A Brief History
On December 17, 1862, the stormy history of civil rights in United States was once again shamefully marred when Major General Ulysses S. Grant, future President of the United States, issued his infamous General Order No. 11 which expelled all Jews from Tennessee, Kentucky and Mississippi, the states in the military district he commanded.
It seems the smuggling and black marketing common to most war zones was grating on Grants nerves, and like so many people before and after him, he figured the Jews were to blame. Besides being responsible to win the war militarily, Grant was also responsible for all trade and commerce within the territories he controlled.
Not sure if they were going to be expelled as well, some Jewish officers voluntarily resigned. Irate members of the Jewish community made sure that word quickly got to Washington, and an outraged President Lincoln had the order was rescinded just a few weeks after it had been issued.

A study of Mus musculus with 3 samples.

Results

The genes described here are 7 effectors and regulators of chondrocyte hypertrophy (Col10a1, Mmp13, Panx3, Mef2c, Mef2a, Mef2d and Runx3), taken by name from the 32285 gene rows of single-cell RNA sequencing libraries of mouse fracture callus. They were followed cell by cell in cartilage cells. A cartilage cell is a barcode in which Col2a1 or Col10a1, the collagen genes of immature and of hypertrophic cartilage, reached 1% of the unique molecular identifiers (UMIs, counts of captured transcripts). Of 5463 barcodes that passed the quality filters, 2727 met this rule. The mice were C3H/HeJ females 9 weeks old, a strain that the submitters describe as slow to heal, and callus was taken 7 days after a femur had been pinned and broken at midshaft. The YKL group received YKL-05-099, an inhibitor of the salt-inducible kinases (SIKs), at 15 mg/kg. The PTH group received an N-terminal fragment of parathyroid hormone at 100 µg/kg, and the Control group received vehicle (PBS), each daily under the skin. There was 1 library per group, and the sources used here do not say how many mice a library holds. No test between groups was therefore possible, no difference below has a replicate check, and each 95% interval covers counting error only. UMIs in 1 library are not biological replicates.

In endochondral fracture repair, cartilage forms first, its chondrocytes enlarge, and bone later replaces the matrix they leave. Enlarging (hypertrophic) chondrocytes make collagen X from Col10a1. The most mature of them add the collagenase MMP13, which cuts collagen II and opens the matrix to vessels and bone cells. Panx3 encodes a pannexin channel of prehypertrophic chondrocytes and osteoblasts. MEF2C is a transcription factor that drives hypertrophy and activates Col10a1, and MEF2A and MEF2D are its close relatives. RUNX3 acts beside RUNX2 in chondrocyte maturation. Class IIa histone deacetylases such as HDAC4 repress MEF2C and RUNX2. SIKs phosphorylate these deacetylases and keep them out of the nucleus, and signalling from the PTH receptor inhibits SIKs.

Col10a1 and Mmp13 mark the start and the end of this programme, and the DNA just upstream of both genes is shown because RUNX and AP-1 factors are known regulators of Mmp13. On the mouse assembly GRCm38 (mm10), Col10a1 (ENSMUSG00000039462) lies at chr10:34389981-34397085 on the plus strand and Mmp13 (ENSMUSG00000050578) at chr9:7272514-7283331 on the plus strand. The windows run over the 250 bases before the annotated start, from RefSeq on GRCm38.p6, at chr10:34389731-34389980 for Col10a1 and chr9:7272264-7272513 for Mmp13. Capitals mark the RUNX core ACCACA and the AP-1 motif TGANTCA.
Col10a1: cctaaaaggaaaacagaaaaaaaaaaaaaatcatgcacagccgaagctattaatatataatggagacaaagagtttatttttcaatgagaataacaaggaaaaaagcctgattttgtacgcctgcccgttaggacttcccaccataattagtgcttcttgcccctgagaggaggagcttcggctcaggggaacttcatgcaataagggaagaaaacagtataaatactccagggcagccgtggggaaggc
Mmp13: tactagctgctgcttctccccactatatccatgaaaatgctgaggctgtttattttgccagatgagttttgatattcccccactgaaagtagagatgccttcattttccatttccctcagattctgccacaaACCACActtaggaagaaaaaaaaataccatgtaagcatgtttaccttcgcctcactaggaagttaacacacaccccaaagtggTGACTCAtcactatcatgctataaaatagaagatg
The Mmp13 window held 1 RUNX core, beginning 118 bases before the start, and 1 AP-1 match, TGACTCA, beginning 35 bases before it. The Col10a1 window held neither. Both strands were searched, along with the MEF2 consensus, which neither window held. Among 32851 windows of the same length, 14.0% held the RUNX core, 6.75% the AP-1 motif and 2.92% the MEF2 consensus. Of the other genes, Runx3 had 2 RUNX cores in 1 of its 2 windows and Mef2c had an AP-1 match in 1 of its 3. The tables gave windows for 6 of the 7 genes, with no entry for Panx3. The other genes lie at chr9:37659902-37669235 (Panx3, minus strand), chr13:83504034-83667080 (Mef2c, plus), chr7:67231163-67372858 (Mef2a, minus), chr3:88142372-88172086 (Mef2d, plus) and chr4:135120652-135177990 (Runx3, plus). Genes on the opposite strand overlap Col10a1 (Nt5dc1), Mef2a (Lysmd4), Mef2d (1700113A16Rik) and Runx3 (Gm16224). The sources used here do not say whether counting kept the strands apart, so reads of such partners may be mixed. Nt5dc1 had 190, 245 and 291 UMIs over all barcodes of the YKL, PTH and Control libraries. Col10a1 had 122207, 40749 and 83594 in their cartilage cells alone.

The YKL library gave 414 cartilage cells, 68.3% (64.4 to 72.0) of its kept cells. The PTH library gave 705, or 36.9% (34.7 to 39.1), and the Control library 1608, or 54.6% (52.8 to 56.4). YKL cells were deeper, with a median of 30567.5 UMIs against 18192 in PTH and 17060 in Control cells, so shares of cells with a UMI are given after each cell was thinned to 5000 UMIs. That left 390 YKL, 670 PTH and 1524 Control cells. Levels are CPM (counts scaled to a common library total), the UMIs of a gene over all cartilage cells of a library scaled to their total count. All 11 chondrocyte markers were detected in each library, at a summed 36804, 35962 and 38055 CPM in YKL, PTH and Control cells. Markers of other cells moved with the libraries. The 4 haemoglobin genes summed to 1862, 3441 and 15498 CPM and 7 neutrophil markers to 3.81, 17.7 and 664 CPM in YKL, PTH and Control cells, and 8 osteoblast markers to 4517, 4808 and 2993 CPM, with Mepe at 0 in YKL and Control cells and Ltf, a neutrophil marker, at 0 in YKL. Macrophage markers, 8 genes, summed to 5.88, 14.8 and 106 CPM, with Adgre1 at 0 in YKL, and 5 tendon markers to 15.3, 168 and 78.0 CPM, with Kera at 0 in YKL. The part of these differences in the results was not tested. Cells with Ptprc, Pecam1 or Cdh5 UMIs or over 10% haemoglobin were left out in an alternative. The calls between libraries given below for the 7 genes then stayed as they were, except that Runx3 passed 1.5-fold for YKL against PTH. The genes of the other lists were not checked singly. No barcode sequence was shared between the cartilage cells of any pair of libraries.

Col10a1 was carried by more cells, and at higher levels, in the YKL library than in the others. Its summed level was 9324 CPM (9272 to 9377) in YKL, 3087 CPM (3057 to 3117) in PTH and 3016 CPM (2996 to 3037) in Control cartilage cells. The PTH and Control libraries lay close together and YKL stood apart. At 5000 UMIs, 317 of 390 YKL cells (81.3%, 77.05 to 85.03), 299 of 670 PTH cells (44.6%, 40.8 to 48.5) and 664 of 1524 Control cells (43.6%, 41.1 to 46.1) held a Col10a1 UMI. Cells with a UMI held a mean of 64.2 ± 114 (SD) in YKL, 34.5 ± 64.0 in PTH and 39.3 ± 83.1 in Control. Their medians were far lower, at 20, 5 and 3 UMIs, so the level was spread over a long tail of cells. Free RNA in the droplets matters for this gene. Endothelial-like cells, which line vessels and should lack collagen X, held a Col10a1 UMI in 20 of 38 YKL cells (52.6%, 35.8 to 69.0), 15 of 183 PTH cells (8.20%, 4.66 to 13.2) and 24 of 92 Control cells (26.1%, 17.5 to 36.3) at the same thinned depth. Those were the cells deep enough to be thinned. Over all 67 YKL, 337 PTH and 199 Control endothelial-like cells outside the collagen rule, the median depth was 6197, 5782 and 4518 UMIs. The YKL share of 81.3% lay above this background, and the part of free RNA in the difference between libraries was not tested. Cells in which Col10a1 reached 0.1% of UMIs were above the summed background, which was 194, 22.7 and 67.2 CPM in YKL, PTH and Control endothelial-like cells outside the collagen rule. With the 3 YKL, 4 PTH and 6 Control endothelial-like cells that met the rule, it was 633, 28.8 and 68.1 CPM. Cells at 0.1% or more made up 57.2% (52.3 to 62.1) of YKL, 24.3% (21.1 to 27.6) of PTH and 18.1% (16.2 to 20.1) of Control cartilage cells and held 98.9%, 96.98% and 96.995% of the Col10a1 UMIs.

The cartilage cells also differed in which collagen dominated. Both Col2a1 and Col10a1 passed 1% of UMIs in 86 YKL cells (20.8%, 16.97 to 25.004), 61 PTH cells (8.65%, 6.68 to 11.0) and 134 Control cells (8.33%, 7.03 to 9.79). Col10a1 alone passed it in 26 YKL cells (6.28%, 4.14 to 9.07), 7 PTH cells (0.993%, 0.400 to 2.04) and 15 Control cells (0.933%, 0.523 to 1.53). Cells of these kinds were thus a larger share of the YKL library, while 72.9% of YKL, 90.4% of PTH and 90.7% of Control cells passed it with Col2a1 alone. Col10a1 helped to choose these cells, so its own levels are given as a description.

Later, when Grant became a politician and ran for the Presidency, the issue of his blatantly discriminatory order was brought up again. Like any good politician he deflected blame; in his case, he claimed that a subordinate had drafted the order and that he had signed it without reading it.
Although this explanation still makes Grant seem like a slipshod administrator, the fact that he had written a letter to the Assistant Secretary of War explaining his reasons for issuing the order certainly makes it seem like an intentional act. Apparently, “Expulsion-Gate,” as the incident might have been called today, was not enough to ruin a political career back then, as Grant was elected and then reelected President. Surprisingly, Grant captured a majority of the Jewish vote!
History and Headlines Epilogue: In 1874, Grant became the first U.S. President to attend a religious service in a Jewish Synagogue when he was present for the dedication of the Adas Israel Congregation in the capital. It might have been an effort on his part to atone for his poorly considered order a dozen years previously.